The company who had their bid to mine iron sands off the coast of South Taranaki overturned by the High Court has turned to the Court of Appeal.
Trans Tasman Resources (TTR) was granted permission to mine by the Environmental Protection Authority (EPA) in August last year, but it was revoked last month by the High Court.
The Judge said the EPA’s decision was inconsistent with the law.
He sent the decision back to the EPA “for reconsideration, applying the correct legal test in relation to the concept of adaptive management approach.”
But on Friday the company filed a notice in the Court of Appeal.
In a statement it said the EPA followed a legally correct approach in granting a marine discharge consent, including adhering to a comprehensive set of conditions specifically designed to protect the marine environment and iwi interests.
Local iwi Ngāti Ruanui spokesperson Debbie Ngarewa-Packer said she was not surprised an appeal had been lodged.
“We got the head’s up from our lawyers last week so we’re prepared. This company has a lot of face to save with that sort of judgement over their heads so there’s no surprises there.”
She said opponents would be cross-appealing, which they had 10 days to do.
The Court of Appeal has yet to confirm whether the case will be heard.
If granted, TTR would appeal the High Court’s decision that the EPA’s decision was inconsistent with the Exclusive Economic Zone Act (EEZA).
In the High Court ruling Justice Churchman said the Act had been “narrowly interpreted” and was inconsistent with the purpose of protecting the environment from pollution by regulating or prohibiting the discharge of harmful substances.”
He also said it was inconsistent with the obligation that where information available was uncertain or inadequate, a marine consent authority must favour caution and environmental protection.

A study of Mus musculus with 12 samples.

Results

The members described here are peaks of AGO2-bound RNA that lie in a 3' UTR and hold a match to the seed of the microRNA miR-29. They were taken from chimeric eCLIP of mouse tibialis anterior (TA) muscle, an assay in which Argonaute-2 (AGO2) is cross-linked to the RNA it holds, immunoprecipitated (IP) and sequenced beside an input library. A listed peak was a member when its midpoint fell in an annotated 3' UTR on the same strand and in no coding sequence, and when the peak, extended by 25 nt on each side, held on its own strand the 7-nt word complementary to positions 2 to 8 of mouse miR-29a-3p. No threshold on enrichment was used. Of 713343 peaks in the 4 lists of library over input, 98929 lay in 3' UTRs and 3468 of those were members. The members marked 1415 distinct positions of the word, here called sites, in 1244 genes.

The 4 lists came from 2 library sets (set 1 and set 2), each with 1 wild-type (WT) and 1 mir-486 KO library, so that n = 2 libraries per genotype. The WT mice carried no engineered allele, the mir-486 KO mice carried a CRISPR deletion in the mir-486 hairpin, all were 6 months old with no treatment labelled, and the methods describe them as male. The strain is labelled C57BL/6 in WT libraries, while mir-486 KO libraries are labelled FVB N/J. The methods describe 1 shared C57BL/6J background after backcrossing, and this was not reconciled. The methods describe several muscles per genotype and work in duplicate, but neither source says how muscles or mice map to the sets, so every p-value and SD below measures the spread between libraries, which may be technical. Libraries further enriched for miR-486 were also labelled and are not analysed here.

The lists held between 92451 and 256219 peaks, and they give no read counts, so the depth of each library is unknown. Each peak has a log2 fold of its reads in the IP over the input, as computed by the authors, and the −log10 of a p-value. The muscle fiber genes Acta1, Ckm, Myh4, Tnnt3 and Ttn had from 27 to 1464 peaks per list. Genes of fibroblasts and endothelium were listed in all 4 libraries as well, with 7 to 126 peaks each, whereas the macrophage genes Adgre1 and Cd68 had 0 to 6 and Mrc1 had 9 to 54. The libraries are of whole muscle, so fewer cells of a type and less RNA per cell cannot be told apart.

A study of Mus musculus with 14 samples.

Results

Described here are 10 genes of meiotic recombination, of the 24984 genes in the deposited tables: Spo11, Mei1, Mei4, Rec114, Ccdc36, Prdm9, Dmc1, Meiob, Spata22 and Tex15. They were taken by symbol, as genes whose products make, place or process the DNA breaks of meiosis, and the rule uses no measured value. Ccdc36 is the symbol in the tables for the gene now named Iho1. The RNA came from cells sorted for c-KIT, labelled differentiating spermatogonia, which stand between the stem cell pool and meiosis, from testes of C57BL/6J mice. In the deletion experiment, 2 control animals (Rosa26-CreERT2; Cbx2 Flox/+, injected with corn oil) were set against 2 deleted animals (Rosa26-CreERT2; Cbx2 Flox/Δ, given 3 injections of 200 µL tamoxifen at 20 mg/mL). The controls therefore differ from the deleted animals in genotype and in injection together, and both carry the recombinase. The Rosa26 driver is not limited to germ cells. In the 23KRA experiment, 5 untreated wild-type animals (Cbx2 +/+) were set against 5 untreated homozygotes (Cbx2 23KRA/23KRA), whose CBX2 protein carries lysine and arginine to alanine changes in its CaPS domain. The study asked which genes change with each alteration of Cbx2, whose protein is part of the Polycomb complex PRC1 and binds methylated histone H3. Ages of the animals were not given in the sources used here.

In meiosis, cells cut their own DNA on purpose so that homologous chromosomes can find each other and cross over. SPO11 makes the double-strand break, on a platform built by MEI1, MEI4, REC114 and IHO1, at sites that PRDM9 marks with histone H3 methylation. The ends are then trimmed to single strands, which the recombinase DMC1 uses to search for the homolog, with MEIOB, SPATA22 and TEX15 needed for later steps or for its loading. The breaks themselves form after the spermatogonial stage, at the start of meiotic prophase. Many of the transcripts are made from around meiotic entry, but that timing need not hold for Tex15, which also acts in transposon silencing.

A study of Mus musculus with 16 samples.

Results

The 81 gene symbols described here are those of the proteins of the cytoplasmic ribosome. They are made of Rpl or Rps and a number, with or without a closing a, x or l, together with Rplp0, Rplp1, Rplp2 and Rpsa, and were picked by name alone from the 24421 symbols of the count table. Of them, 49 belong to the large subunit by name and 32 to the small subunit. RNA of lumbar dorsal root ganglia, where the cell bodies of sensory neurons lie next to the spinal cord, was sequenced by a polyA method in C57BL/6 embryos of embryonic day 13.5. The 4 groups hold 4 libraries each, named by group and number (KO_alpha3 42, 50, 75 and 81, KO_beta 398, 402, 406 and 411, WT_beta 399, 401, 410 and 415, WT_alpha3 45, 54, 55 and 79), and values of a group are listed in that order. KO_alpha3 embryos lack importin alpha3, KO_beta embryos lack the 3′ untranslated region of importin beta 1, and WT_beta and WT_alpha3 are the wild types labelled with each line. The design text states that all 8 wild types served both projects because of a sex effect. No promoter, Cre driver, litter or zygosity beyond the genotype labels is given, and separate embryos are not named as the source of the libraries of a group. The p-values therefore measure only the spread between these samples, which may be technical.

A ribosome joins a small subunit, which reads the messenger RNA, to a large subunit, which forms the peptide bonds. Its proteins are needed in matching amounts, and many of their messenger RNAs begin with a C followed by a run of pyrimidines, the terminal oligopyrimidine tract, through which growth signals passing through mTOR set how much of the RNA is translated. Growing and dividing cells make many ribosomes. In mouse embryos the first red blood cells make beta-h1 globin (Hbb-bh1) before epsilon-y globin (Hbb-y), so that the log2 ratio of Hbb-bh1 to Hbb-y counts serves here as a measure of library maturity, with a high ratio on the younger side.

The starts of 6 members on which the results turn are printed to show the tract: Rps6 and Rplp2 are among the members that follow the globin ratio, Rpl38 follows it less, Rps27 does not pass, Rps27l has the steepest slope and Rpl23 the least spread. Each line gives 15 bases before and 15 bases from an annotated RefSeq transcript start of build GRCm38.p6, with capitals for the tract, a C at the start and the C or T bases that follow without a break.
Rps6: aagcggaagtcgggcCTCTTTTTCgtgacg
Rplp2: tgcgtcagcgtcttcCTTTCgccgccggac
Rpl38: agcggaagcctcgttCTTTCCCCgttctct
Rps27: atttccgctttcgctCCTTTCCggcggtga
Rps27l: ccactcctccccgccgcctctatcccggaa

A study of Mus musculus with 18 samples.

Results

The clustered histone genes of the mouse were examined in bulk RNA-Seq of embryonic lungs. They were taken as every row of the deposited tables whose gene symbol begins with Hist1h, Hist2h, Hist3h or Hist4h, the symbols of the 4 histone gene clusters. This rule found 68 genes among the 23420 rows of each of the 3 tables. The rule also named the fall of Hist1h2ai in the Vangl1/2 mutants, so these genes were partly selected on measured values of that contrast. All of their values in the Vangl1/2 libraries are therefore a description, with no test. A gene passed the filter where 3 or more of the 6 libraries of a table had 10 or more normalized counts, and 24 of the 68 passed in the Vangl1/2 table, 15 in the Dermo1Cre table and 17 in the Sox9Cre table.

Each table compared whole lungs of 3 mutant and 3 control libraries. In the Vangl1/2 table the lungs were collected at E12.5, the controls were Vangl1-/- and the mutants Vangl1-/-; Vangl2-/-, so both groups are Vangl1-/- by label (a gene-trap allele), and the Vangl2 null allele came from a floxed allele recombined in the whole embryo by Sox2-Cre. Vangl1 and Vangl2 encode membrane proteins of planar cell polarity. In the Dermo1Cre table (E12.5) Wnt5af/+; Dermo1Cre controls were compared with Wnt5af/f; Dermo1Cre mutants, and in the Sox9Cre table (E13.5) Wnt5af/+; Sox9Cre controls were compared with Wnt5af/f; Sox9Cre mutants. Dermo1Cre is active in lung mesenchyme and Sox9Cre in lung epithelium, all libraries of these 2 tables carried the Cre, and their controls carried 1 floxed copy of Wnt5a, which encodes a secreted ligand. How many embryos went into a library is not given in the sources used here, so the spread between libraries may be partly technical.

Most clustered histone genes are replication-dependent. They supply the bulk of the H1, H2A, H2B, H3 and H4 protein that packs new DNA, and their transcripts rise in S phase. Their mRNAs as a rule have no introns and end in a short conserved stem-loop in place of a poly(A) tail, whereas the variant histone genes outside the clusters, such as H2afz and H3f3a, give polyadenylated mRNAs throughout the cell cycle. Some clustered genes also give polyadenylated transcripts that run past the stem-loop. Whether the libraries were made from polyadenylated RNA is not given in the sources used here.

Ms Ngarewa-Packer said opposition was based mainly on the latter point.
She said it was not known what the environmental impact could be and research into marine life was scant.
“The Act was put in place to use all precaution and if there’s any doubt then the conservative approach should be respected.”
She said they were not opposed outright to the activity but more work should be done by TTR.
“We have the largest amount of extraction activity in our backyard so we’re extremely savvy. Companies that are best practice come with loads and loads of information.
“They just haven’t done enough to provide the hard data – the data can be found if you work hard enough for it.”
Last year’s decision by the EPA would have allowed TTR to dig up to 50 million tonnes of iron sand from the ocean floor each year, extract five million tonnes of iron ore, and dump the residue back on the bottom of the sea.
The scheme was approved in a split decision, with the chair of the board of commissioners issuing a casting vote in favour.
Approval of the project came after four months of hearings.
In proposing the scheme, TTR said it would produce 300 jobs and add $160 million to New Zealand’s GDP.